CCS and Power Systems
Carbon Storage - Geologic Storage Technologies and Simulation and Risk Assessment
Nature and Dynamics of the Reservoir/Caprock Contact and Implications for Carbon Storage Performance
Project No: FE0004844
The purpose of this study is to analyze and assess the zone comprised of the top of the storage formation rock and bottom of the overlying confining zones (known as the confining zone/formation interface, Figure 1) surrounding CO2 injection wells. Effective confining zones are typically low-permeability rock units that are relatively thick and serve as a seal above the storage formation rock that prevents any injected CO2 from migrating upwards out of the storage formation. The study is using information obtained from rock outcropings and core samples of proposed CO2 clastic formations and overlying mudstone confining zones to determine the characteristics of this interface zone, and is using these data to develop conceptual models of the behavior of formation-confining zone interfaces and, in particular, sandstone/mudstone contacts.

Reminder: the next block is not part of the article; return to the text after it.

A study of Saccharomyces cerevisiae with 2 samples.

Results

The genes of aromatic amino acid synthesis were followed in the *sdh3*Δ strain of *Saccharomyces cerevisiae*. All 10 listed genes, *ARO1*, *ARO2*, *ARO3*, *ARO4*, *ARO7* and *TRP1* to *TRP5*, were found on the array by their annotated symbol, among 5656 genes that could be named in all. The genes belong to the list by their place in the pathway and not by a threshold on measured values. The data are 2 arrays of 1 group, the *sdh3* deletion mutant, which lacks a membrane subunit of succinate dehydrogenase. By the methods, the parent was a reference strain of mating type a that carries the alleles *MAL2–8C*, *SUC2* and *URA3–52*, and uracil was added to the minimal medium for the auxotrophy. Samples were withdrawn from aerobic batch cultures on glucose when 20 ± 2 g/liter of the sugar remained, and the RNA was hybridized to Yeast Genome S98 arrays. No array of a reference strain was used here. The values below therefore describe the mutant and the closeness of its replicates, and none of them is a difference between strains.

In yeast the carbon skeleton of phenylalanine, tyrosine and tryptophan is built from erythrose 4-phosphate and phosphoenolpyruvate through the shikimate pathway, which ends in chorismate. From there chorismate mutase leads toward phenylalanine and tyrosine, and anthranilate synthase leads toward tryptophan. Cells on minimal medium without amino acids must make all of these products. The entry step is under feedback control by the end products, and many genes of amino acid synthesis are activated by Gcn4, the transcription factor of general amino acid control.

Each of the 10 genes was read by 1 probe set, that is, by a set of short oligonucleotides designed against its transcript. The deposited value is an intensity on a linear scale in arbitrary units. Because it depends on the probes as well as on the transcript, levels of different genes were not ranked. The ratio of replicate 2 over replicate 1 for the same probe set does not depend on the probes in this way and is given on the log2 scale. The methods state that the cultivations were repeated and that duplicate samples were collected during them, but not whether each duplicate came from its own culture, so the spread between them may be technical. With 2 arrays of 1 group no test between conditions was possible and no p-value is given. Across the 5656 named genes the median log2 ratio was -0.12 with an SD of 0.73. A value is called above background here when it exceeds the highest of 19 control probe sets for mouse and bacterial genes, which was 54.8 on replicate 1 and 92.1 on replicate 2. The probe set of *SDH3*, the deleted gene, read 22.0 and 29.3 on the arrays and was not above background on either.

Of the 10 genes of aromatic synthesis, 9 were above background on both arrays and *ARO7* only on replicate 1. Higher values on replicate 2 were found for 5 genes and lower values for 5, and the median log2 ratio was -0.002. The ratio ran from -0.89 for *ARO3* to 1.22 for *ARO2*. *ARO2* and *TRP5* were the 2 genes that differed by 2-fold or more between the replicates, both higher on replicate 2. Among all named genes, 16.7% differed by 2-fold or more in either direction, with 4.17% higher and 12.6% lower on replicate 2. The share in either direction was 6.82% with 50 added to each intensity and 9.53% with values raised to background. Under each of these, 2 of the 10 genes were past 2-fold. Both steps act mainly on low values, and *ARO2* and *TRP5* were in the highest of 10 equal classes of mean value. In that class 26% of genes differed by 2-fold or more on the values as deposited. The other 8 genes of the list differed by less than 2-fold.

The New Mexico Institute of Mining and Technology (NMIMT), in collaboration with Utah State University and Sandia National Laboratories, is examining the primary depositional texture of the sediment at the interface, the structural characteristics of the rock within this zone, and the changes that the sediment underwent as it transformed into rock and following rock formation (diagenesis). These elements affect how the rock responds physically and chemically to CO2 injection. Of concern is the possibility that mesoscale (centimeters to several meters) features at the interface—such as zones where the rock interfaces are preferentially cemented (diagenetic), or is deformed (e.g., fractures)—may greatly influence the degree that the formation and confining zone are connected (Figure 2). High connectivity may in some cases provide leakage pathways into the confining zone, compromising its ability to provide a long-term seal for stored CO2.